How to Settle a Dispute Quickly

Arguments arise for countless reasons—miscommunication, jealousy, disrespect, conflicting world views, etc.—and a precious few people possess the skills necessary for diffusing potentially hostile confrontations. Whether the disagreement is between a married couple or among departments in a corporate structure, mediators of conflict face a difficult task. Having conflict resolution training can save you a lot of time.

Below are some simple techniques for quickly settling disputes, and although these apply specifically to mediation between two individuals, you'll find much of it can be applied to larger-scale, group confrontations.

Clarity
It's been suggested that international confrontations are often the result of two nations simply misunderstanding the motives of the other. The same can be said for people.

The ideal outcome of any personal dispute is of course the "win/win" scenario, in which the needs of both sides of the argument are met. The only way to get there, though, is if everyone involved understands what is important to the other. Honesty is crucial here, as arguments are often the result of individuals (family members, co-workers, etc.) bottling up frustration and not making it clear that they wish for some sort of change.

A healthy resolve requires that these truths come out once the discussion begins. Encourage both sides to be honest about their frustrations, and give plenty of follow-up questions when someone's point seems like it might be at the core of the disagreement.

Also, take on one issue at a time. If there are multiple tiers of disagreement between two parties, don't move on to a new issue until the first has been fully discussed by both.


Manners
It goes without saying that judgmental language should be avoided, but it's not always easy to know what will subtly offend someone. A mediator who comes across as patronizing or condescending certainly won't help the situation. It is recommended, however (and in no way condescending), to voice your appreciation when someone is honest about their frustrations: "Thanks for telling me. I think I get where you're coming from now."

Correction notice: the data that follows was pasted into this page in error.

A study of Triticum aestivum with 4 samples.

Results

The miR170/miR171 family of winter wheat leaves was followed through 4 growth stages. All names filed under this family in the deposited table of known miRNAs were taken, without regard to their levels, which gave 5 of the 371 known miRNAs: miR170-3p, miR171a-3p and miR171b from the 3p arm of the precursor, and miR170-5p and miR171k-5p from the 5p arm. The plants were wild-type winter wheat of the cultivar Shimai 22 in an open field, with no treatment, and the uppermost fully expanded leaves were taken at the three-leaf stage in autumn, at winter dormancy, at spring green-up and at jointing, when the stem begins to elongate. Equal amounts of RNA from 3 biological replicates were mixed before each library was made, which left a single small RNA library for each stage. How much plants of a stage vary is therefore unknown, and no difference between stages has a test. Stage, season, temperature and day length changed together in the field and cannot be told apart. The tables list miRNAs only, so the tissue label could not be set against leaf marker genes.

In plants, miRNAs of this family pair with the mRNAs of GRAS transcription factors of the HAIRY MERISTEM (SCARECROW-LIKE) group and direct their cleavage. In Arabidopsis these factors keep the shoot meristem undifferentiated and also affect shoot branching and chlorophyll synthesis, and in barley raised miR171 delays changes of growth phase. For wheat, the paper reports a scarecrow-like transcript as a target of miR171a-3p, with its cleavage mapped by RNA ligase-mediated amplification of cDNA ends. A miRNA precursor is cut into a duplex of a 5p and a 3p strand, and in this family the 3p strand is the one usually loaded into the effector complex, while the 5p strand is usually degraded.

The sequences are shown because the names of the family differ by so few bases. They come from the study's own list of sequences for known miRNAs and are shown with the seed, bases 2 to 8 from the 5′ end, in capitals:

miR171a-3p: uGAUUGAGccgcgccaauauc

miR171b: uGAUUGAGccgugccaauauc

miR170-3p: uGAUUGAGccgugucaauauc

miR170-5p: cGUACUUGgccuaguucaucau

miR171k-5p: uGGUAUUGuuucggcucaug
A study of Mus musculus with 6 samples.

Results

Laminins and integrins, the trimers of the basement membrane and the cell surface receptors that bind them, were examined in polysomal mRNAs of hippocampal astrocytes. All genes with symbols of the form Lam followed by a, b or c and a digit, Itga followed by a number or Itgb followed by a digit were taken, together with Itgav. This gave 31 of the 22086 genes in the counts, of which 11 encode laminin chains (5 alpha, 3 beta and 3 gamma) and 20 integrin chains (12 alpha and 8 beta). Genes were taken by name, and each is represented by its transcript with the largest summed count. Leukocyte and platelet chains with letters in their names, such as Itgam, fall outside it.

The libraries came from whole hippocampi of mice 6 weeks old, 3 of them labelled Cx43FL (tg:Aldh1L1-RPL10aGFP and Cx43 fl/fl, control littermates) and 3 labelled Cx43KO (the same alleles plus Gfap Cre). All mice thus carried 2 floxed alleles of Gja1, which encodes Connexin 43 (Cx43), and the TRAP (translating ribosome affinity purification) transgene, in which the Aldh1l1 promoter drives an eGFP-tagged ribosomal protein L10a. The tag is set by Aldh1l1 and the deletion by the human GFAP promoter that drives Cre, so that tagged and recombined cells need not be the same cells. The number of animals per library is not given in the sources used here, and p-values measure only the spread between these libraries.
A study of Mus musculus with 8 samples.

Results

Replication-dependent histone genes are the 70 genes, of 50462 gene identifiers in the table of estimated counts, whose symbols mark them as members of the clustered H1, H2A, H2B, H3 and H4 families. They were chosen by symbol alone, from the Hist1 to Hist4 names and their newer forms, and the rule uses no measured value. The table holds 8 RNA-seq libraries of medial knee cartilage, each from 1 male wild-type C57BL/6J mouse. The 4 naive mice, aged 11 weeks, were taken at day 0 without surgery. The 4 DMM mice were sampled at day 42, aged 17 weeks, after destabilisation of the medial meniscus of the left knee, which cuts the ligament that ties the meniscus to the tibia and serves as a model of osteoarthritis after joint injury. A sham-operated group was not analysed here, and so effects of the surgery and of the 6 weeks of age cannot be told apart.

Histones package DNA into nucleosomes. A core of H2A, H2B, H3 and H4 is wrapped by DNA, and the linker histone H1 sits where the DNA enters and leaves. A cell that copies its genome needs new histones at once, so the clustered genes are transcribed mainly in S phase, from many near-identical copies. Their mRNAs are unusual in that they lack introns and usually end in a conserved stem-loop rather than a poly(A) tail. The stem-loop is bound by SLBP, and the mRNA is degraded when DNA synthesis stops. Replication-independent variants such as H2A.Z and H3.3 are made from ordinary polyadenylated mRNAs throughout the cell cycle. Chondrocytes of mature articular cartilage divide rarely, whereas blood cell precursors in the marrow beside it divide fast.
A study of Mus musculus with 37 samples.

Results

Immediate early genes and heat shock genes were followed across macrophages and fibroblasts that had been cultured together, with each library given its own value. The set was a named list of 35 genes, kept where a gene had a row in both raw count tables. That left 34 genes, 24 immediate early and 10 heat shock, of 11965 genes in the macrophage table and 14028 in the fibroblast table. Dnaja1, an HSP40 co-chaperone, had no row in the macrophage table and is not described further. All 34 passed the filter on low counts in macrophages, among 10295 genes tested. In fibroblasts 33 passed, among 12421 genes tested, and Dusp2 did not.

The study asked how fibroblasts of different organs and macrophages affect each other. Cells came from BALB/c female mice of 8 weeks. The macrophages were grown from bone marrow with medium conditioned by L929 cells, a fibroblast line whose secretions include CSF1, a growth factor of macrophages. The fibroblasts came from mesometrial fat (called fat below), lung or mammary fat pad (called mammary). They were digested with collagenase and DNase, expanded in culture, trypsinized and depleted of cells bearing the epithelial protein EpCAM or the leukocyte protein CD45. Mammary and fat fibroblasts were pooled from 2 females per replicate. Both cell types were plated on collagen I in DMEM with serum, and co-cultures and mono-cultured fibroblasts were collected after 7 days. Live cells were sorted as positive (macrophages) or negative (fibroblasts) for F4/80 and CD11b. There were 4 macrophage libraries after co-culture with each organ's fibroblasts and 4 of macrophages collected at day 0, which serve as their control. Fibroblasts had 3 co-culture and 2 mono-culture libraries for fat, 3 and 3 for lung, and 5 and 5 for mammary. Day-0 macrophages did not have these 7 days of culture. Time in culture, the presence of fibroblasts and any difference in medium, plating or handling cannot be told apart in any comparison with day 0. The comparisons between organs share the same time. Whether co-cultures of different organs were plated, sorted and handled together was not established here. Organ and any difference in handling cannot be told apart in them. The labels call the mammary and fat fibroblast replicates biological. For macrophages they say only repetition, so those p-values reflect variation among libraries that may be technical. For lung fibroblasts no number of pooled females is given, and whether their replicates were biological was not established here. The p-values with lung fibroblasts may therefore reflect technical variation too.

Nonverbal communication can also greatly affect which path the discussion takes. Good eye contact and a non-threatening posture are essential etiquette when keeping a situation from escalation.

Don't allow the argument to focus too much on the past. This is usually a point in the conversation where people start butting heads, so try to shift the conversation toward a possible future goal. Acknowledge the areas in which there is agreement, and emphasize this as a sign that compromise can be reached.

If you find yourself on the receiving end of a verbally aggressive argument, it is best to play the part of active listener and allow the aggressor to calm him or herself by releasing their full discomfort with the situation. People typically resort to yelling is because they think no one is really listening to them, so it is recommended that you let both sides of the argument know that their points are valid, even if you are personally biased.



Humor
Making both sides of an argument laugh can greatly lessen tension and encourage productive dialog. One of the main reasons people rely on personal attacks and judgmental language is that they are undergoing stress. The key here is to get them to laugh with each other—and not at each other.